Recent high-profile data breach cases have shown that data security and secure data destruction are often overlooked—but critical—aspects of IT asset disposition (ITAD). But what exactly is involved in secure data destruction, what standards are a certified electronics recycler held to, and how can you ensure that your data is absolutely secure in the IT asset disposition process? 

Here, we provide a look at the rigorous requirements of the NIST 800-88 data destruction standard and why it is critical for your electronics recycler to possess this essential certification.

What are the impacts of a data breach?

A recent report by IBM Security found that the average cost of a data breach has increased to $4.35 million. The study also showed that 83% of organizations surveyed have had more than one breach. In addition to shouldering significant financial costs, these organizations dealt with other secondary impacts to their business, such as reputation loss, legal liability, loss of business, and lack of consumer trust.

Considering these potential ramifications of a data breach for a business, it is imperative that your business prioritize an ironclad IT asset disposition (ITAD) strategy as part of business operations. You’ll want to ensure your used or spent electronics are handled by a third party that follows a strict set of rules and standards when handling confidential information. That way, your customer’s sensitive data does not fall into the wrong hands after your company has disposed of, or recycled previously used equipment. 

What is NIST 800-88?

From phone lists and customer data to financial reports, research and banking information, businesses generate quite a bit of sensitive personal and confidential business data. That data needs to be securely destroyed from electronics once a business has determined those electronics have reached end-of-life. 

Originally created for government use by The National Institute of Standards and Technology (NIST), an agency of the United States Department of Commerce, the NIST 800-88 is a document that provides specific guidance on media sanitization and how to securely erase data from media equipment. NIST 800-88 is one of many sets of guidelines for the sanitization of data included in technology assets, but is now considered the most widely accepted guideline to reference by government and corporate entities alike.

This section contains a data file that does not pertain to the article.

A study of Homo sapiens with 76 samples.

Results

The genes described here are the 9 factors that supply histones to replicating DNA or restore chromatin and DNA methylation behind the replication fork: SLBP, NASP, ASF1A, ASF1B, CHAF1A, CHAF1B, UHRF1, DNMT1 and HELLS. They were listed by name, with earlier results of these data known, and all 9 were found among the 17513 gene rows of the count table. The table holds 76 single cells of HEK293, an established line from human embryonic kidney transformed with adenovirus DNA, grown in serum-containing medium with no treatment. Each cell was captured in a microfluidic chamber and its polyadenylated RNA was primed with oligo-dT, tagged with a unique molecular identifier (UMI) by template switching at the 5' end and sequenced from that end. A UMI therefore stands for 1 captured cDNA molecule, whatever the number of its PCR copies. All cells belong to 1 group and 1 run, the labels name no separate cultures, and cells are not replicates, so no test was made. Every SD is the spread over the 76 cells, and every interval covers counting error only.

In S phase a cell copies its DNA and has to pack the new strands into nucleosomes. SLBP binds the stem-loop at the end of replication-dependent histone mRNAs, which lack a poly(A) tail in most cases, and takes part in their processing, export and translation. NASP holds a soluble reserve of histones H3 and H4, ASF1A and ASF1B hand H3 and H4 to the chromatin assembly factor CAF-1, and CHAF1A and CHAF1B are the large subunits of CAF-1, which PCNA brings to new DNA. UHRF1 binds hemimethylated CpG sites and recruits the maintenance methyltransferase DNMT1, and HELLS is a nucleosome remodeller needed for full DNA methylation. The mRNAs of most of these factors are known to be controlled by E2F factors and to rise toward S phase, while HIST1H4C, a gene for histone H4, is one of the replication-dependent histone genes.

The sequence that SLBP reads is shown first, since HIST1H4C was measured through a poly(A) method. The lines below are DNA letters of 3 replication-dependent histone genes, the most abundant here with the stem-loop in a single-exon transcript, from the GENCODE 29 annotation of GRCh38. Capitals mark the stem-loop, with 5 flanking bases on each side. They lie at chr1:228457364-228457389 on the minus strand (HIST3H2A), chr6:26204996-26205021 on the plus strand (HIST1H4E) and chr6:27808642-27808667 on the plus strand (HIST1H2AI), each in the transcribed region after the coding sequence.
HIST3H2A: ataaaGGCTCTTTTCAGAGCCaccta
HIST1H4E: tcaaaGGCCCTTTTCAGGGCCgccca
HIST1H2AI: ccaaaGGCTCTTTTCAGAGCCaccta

How does NIST 800-88 work?

The NIST 800-88 data destruction standards apply to all media types including hard copies, networking devices, magnetic media, optical media and storage devices. It divides data sanitization into three categories depending on the level of data destruction required: 

  • Clear: “Clear” sanitization protects against non-invasive data recovery and provides a moderate level of data protection (used for devices such as USB sticks or memory cards).
  • Purge: “Purge” data sanitization applies to physical or logical processes that provide a more thorough level of sanitization for confidential data.
  • Destroy: “Destroy” sanitization is the most extreme—using techniques such as shredding or melting—and renders media incapable of storing data. 

For a device to be considered validated as sanitized in accordance with NIST 800-88, the data sanitizer must document the device serial number, method and date of destruction, name of supervising party, verification, and validation. 

Why is it important for your ITAD partner to use NIST 800-88?

Whether you decide to recycle, transfer or permanently retire your electronic devices at end-of-life, your equipment is vulnerable to data being accessed or breached. For example, you might assume that a third party has fully erased data from the disposed devices, when the data has not been completely removed. A recycling partner that uses the NIST 800-88 recycling controls reduces the likelihood that someone can access sensitive data after you dispose of your equipment, and also provides you with verification and documentation to prove that you responsibly disposed of your electronics. 

Protect your business and your sensitive data by entrusting your retired IT assets to an experienced ITAD service provider who operates under the guidelines of the NIST 800-88 standard. Contact us today to learn more about the specific steps we take to ensure your data is secure during the ITAD process.